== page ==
I was in Paris for the 2007 Reveillon, as the French call New Year’s eve. It was a typical winter in Paris, cold and grey with an occasional light rain, but the city was all dressed up for the holidays, and full of people from every corner of the world. The streets of Paris always remind me of the time I worked at the United Nations in New York – all languages represented, no matter where you go.
In Paris we get used to tourists at any time of year. But this time I noticed newcomers to the scene: Chinese, Russians and Eastern Europeans, people who until recently could not travel, due to political restrictions in their countries. They are catching up quickly, for sure, and more and more Paris is the place the whole world meets to celebrate.
In spite of the ‘bad’ weather, the holiday season is a great time to be in Paris. Right on my first night there I rushed to Theatre des Champs-Elysees to get tickets for a show I had heard a lot about: the Sara Baras Ballet Flamenco, a Spanish company performing in Paris for a short and sold-out season. I was lucky and got one of the last remaining seats. Sara Baras flamenco ballet is modern, different from the traditional flamenco I had seen in the past, an energetic and passionate group, visually and aesthetically exciting. After the show I had dinner with a friend across the street, at Cafe du Theatre, where by chance the dancers were also eating. I asked when the group would come to NYC. ‘December 2008’, was the reply.
On the magazines stands around town publications brought covers with president Sarkozy and his new girlfriend, Carla Bruni, an Italian ex-model well known in France. She seems to be much younger than the recently divorced Sarkozy, but this being France no one seems to care. As for Cecilia Sarkozy, the president’s ex-wife, no news and no magazine cover, which is probably just the way she likes it – she is said to be too private for the kind of attention a first-lady of France attracts.
The restaurants, bistros and bars in Paris were all full, but with a little patience we could always find a table anywhere. The most popular places required advanced reservations, but unless one really has to dine in a 3-star Michelin restaurant, the options were many and good. This is something I love about Paris, I don’t have to spend a fortune to eat well, like in New York or London. Even with the Euro at $1.4 US dollar the cost of a good meal is still reasonable.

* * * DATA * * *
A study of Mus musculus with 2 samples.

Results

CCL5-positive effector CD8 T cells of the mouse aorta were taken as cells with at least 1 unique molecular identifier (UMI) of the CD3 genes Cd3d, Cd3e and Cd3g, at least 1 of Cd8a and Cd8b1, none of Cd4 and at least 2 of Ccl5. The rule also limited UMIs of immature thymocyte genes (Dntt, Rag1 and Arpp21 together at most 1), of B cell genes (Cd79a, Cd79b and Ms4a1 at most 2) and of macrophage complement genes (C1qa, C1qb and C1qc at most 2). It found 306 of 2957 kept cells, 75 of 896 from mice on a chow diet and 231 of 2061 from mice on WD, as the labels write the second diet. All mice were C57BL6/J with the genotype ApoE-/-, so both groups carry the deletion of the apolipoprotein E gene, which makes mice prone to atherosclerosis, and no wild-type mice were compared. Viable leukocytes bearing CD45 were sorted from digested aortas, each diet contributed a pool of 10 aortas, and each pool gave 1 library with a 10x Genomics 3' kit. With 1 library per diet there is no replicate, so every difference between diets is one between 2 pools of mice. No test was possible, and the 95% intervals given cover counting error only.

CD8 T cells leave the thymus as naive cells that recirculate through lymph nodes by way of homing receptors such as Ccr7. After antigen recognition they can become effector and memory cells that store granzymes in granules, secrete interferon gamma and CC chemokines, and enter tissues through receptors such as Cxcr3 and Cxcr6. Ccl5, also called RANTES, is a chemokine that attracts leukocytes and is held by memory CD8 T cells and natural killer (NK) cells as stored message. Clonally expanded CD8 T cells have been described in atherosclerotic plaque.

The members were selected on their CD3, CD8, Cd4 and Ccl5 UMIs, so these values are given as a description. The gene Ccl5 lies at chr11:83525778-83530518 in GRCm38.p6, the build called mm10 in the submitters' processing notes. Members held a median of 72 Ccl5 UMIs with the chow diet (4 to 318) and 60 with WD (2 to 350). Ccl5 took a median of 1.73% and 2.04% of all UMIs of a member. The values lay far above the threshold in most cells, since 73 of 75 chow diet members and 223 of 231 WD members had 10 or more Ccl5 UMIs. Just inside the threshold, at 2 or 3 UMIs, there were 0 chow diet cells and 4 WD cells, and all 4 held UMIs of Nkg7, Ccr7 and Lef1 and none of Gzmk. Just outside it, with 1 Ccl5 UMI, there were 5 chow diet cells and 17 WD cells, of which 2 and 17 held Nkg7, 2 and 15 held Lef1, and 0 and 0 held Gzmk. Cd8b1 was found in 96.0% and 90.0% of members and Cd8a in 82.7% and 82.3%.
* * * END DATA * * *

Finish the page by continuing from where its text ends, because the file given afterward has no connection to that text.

Shopping was another deal – with the Euro so high it was more expensive to buy anything. As usual, I get good quality for less by avoiding the big stores full of eager tourists. I go instead to the charming small boutiques around Rue du Cherche-Midi specialized in one-of-a-kind items, or Rue de Passy for everything else. I also like to remind myself that it is taste that makes Parisian things look good, not expensive things. On the same token, it is the Parisians’ priorities that brings me back to their city every year.
No matter what one thinks of the French, no one can deny they have their own way. A Parisian friend told me that many of the city’s top chefs were refusing to submit to the rigid criteria of the Michelin guide, traditionally the publication that rates restaurants in France. For the Michelin, three stars are the equivalent of perfection, a ‘grand table’, but many famous chefs were choosing to be more creative with less expensive menus, keeping in mind younger and less affluent clients, without sacrificing the quality of the food. A refreshing new trend, for sure, and it just had to start in Paris.